Early in The Great Gatsby, Nick says he doesn't judge people, but isn't the whole book a judgment of his surroundings? Is he just being observant or is he indeed judging people?

The Great Gatsby is indeed a judgment of Nick's surroundings. One could argue that Nick is being both observant and judging people at the same time. This is because he's not just an observer, but an active participant in the events that he relates. Nick isn't by nature a judgmental person, but the characters he meets are so extraordinary that it's impossible not to judge them.


Nick is a snob, at times, too, who judges Gatsby while also falling under his spell and taking his side. Nick judges Gatsby, for example, for his factual blunders, such as talking about big game hunting in Europe (which would only be done in Africa or India) and saying San Francisco is in the midwest.

Nick comments on honesty as his cardinal virtue. Fitzgerald cues us to see through that observation by placing it right after Nick has admitted he is lying to a girlfriend back home about their relationship. Nick might pretend, at times, to being nothing more than an observer, but he writes this story out of a deep sense of injustice and moral indignation (i.e. judgment). He writes it to defend Gatsby and to condemn the ultra-wealthy Buchanans for their abuse of privilege, wrecking lives and leaving others to clean up the mess.


But in a way that's only because he's never met anyone quite like Gatsby or Tom Buchanan or Daisy before. These are all larger-than-life characters, who almost demand judgment on how they live their lives.

Initially, Nick tries his best simply to observe their lives. But he quickly realizes that this is impossible, that some degree of judgment is necessary to make sense of it all. To Nick, almost none of the things he witnesses can be properly understood without some kind of perspective. Such perspective, of its necessity, needs to be informed by subjective judgment.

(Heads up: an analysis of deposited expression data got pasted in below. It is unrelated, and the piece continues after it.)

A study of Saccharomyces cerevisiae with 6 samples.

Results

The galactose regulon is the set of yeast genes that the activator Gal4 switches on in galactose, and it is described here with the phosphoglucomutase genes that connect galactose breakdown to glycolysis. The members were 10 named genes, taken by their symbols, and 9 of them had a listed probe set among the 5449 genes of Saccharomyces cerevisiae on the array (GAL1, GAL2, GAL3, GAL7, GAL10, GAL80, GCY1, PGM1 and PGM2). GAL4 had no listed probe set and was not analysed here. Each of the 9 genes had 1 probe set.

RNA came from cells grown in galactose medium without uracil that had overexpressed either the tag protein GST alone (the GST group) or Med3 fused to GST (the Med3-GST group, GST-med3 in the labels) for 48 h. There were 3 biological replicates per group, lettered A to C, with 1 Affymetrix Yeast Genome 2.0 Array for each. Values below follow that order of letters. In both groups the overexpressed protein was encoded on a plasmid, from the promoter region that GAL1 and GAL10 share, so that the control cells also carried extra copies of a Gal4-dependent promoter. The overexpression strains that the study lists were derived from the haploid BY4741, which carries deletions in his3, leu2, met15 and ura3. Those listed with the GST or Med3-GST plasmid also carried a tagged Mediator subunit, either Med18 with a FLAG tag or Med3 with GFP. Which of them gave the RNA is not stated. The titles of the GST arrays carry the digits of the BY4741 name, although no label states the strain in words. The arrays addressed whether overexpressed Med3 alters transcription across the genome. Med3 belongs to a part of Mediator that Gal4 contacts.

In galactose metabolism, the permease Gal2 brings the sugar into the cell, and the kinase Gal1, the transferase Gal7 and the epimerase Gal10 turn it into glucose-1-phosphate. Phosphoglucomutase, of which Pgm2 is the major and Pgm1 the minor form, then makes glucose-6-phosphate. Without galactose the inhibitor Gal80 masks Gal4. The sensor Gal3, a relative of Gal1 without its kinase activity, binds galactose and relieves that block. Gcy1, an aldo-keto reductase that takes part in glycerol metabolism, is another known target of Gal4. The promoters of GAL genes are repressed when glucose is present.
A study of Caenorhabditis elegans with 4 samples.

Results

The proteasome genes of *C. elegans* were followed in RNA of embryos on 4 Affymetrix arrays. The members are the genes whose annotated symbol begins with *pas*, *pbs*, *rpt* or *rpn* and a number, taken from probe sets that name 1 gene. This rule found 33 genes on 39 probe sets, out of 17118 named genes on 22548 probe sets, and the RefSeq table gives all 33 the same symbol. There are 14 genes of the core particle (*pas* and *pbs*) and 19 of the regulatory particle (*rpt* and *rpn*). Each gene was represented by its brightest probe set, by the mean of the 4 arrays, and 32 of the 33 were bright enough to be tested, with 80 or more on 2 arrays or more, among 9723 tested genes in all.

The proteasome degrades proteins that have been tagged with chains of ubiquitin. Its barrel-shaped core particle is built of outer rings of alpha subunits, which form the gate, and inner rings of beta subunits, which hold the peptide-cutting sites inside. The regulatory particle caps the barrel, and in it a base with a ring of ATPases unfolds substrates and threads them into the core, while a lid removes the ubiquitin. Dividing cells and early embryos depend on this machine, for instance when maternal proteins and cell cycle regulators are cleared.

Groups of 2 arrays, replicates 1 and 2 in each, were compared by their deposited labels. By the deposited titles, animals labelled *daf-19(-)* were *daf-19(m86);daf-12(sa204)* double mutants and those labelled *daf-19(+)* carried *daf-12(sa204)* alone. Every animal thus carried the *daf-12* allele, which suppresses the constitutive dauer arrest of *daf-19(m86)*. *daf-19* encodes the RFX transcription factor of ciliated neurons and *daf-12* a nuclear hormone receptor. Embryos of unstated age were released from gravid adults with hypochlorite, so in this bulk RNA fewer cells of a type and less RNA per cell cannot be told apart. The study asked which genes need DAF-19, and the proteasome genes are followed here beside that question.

Nick may not want to judge, but under the circumstances he has little choice in the matter; he can't simply observe from a distance the often outrageous actions of the other characters and jot down his findings as if he were an anthropologist studying a remote tribe.


He begins by telling us of his family background and how he grew up. He explains that as a result of his father's influence, he is "inclined to reserve all judgements [sic]." Then Nick moves on to this statement:

And, after boasting this way of my tolerance, I come to the admission that it has a limit. Conduct may be founded on the hard rock or the wet marshes but after a certain point I don't care what it's founded on.

This is an important passage, for it shows that despite his tolerant nature, Nick does not accept all behavior; at some point, he expects people to base their conduct on some kind of moral code. When he says "I don't care what it's founded on," the implied conclusion of that sentence is "so long as it is founded on something." Nick continues, saying that when he came home from the East, "I wanted the world to be in uniform and at a sort of moral attention forever."

Before Nick left home, he was basically nonjudgmental; by the time he returned, he had made strong judgments about the kind of human behavior he had witnessed there. Nick admires Gatsby for his naive romanticism and his absolute integrity in pursuing his dreams. He detests the Buchanans, judging them to be careless and irresponsible in their wealth and privilege, and amoral in their treatment of other people. According to Nick, the Buchanans were the "foul dust" that "floated in the wake of [Gatsby's] dreams." Nick's moral judgments are those of Fitzgerald. Through Nick, Fitzgerald condemned the social stratum in American society represented by Tom and Daisy.

 

 


While he may be more open-minded than other characters in the novel (Tom, Daisy, and Jordan jump to mind), he isn't completely straightforward or honest (although he "suspects himself of one cardinal virtue"-honesty). See, for example, his first impressions of Meyer Wolfsheim, The Wilsons, and party-goers at Gatsby's. Each of these reveals some bias on his part.

Indeed, by the end of the novel he has judged each character for one misdeed or another. His final verdict of Tom, Daisy, and Jordan is that they "“smashed up things and creatures and then retreated back into their money or their vast carelessness, or whatever it was that kept them together, and let other people clean up the mess they had made.” While this is a valid observation, the negative connotation of "smashed", "carelessness", and "mess" reflect Nick's view of events.